Ring the bells that still can ring
Forget your perfect offering
There is a crack in everything
That’s how the light gets in — Leonard Cohen
Everything has beauty, but not everyone sees it. — Confucius
Feeling the Pinch of Anxiety
One evening recently, I took a two-hour class at a local art center. In the class, each of us made a pinch pot — which could take the form of a mug, bowl, or vase — from a ball of clay. To make a pinch pot, I learned, one pushes one’s thumb into the center of a ball of clay to start the opening. One then pinches (hence, the name) and turns the ball of clay between the thumb and fingers to form and thin the walls of the pot, and finally to shape the rim.
As I followed this process, I found myself feeling anxious about what I was deeming to be imperfections in my pot — cracks that had started to form in the clay, a lop side, an errant undulation in the rim. I was not the only person in the room to have this kind of response. Other members of the class were nervous, too, about the imperfections they saw in their own creations. The instructor was very kind and reassuring to all of us, offering pointers for addressing issues that may have really been serious — structurally speaking, I suppose — but also complimenting some of the other characteristics that seemed to worry us the most.
A Kintsukuroi Perspective
As I left the class that night, reflecting on the process of making my pinch pot, and on the anxiety I had experienced in the process, I found my thoughts turning over an image and its accompanying text that I had seen on Facebook and Twitter a while ago, and that had recently resurfaced in my feeds.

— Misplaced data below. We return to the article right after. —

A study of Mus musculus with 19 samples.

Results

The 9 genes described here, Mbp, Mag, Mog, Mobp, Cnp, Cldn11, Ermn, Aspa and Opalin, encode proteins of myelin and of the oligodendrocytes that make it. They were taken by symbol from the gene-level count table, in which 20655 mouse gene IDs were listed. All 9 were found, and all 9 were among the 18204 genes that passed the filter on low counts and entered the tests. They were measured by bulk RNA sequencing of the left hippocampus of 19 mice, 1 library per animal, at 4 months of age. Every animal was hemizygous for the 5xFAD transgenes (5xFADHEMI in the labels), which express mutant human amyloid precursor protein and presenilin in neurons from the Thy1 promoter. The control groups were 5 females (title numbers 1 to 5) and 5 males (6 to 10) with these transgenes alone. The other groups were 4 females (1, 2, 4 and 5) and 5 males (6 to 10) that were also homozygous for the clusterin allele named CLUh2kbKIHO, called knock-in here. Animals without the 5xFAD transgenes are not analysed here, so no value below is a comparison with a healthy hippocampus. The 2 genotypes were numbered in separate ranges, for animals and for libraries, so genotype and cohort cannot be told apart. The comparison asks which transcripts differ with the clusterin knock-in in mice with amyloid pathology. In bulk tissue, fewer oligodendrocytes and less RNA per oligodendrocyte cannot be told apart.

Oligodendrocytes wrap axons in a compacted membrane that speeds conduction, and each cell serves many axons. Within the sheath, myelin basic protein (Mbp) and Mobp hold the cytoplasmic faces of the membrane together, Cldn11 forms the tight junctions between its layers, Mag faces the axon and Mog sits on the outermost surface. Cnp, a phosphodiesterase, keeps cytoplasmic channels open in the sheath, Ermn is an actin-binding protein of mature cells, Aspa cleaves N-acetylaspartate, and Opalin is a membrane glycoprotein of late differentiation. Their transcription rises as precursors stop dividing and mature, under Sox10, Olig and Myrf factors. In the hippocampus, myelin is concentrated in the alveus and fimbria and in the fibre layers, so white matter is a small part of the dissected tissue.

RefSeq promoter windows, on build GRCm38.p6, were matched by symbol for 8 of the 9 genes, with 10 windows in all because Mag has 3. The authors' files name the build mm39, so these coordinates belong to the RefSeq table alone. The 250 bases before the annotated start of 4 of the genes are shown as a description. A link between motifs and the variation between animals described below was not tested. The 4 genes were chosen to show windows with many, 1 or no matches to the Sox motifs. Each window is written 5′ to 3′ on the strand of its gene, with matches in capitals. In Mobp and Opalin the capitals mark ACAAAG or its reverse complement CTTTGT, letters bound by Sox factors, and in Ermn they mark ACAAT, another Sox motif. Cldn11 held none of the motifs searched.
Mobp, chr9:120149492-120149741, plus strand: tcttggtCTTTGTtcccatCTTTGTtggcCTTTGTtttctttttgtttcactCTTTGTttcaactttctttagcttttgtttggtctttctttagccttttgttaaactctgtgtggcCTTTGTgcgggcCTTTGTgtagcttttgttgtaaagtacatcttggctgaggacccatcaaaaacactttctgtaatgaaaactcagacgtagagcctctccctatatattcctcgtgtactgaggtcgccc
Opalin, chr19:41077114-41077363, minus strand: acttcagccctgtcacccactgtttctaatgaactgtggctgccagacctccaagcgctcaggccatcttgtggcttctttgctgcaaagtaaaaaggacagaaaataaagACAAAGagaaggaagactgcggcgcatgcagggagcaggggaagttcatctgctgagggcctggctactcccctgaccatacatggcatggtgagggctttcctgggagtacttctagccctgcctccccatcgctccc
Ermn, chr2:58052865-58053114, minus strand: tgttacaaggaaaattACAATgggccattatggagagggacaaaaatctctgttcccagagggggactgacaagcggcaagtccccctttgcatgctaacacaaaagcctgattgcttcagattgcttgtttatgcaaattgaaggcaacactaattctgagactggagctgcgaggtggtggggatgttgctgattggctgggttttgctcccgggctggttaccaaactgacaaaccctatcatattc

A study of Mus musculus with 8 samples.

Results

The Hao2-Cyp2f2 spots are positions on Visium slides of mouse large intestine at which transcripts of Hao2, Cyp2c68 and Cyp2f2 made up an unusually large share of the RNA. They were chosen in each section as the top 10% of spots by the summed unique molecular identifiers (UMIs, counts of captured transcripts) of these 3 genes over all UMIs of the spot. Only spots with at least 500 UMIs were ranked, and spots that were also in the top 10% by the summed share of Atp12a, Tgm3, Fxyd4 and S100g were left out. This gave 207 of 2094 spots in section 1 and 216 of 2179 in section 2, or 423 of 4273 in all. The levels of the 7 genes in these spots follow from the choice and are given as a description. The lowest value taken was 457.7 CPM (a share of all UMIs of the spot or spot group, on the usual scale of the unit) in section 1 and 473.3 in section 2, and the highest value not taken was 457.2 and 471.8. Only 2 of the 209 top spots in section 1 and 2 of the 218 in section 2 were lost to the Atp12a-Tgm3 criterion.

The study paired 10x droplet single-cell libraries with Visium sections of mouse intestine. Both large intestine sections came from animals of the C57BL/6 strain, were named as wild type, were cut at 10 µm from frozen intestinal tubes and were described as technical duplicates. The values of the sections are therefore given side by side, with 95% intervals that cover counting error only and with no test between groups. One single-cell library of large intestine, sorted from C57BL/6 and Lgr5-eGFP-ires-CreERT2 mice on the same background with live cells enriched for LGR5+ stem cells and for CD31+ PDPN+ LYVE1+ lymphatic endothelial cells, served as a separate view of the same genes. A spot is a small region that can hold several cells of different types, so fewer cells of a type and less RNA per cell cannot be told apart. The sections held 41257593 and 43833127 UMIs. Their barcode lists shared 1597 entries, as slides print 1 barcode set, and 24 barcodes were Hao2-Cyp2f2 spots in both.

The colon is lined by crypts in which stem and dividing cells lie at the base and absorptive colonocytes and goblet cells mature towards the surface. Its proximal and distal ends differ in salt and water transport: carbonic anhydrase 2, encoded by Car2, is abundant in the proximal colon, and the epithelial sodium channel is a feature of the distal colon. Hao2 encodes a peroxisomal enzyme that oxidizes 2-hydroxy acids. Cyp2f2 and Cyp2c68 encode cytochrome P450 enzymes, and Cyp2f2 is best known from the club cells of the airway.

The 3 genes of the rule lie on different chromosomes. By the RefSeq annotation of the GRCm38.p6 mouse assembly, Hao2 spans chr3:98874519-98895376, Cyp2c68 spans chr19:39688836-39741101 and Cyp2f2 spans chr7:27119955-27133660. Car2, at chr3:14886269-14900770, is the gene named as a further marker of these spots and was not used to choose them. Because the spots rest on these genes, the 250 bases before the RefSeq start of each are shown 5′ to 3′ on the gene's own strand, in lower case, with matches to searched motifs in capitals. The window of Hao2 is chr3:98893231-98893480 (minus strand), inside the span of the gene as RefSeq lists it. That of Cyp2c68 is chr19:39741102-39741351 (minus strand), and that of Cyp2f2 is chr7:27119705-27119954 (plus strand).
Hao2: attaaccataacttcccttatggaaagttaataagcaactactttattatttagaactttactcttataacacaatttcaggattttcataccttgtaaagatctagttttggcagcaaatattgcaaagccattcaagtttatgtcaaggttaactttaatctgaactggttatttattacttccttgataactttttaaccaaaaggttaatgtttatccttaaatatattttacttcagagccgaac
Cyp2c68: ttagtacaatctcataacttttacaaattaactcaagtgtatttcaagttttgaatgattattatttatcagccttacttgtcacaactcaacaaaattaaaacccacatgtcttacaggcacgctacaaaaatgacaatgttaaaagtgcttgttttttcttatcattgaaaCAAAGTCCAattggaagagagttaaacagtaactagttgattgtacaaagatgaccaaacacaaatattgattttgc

If you recognize the word, “kintsukuroi,” you may well know it, as I do, from the very image and text that I’m talking about; for an example of the image, click here. The image is one of a gray pottery bowl, veined with gold to dramatic effect, which illustrates the Japanese art of kintsukuroi, or kintsugi. In this art, broken pottery is mended with a lacquer resin to which powdered gold has been added. In the text accompanying the image that I had seen, kintsukuroi is described as demonstrating the perspective that “the piece [of pottery] is more beautiful for having been broken.”
As I had fretted in my pottery class over aspects of my pinch pot that I was perceiving as imperfect, parts that I was judging as “not good enough,” I was struggling to hold onto an idea that I associate with the Japanese art of kintsukuroi, or kintsugi: We can, in fact, choose to see beauty in the very cracks and errant undulations that we so frequently want to “correct,” cover up, distract attention from, or otherwise disavow.
What if We Saw More Beauty in the Cracks?
I wonder how different our lives would be if we saw beauty, rather than imperfection and brokenness, in more of the “cracks” around us, in those aspects of ourselves, others, and our experiences to which we tend to respond with judgment and worry, fear, and sometimes animosity. Wouldn’t we feel more calm, compassionate, content, or even confident? If we imagine that we would, and these feelings interest us, what new ways of thinking and behaving would support this shift in perspective? If we are already able to experience “a kintsukuroi perspective” at times in our lives, what do we identify as contributing to it?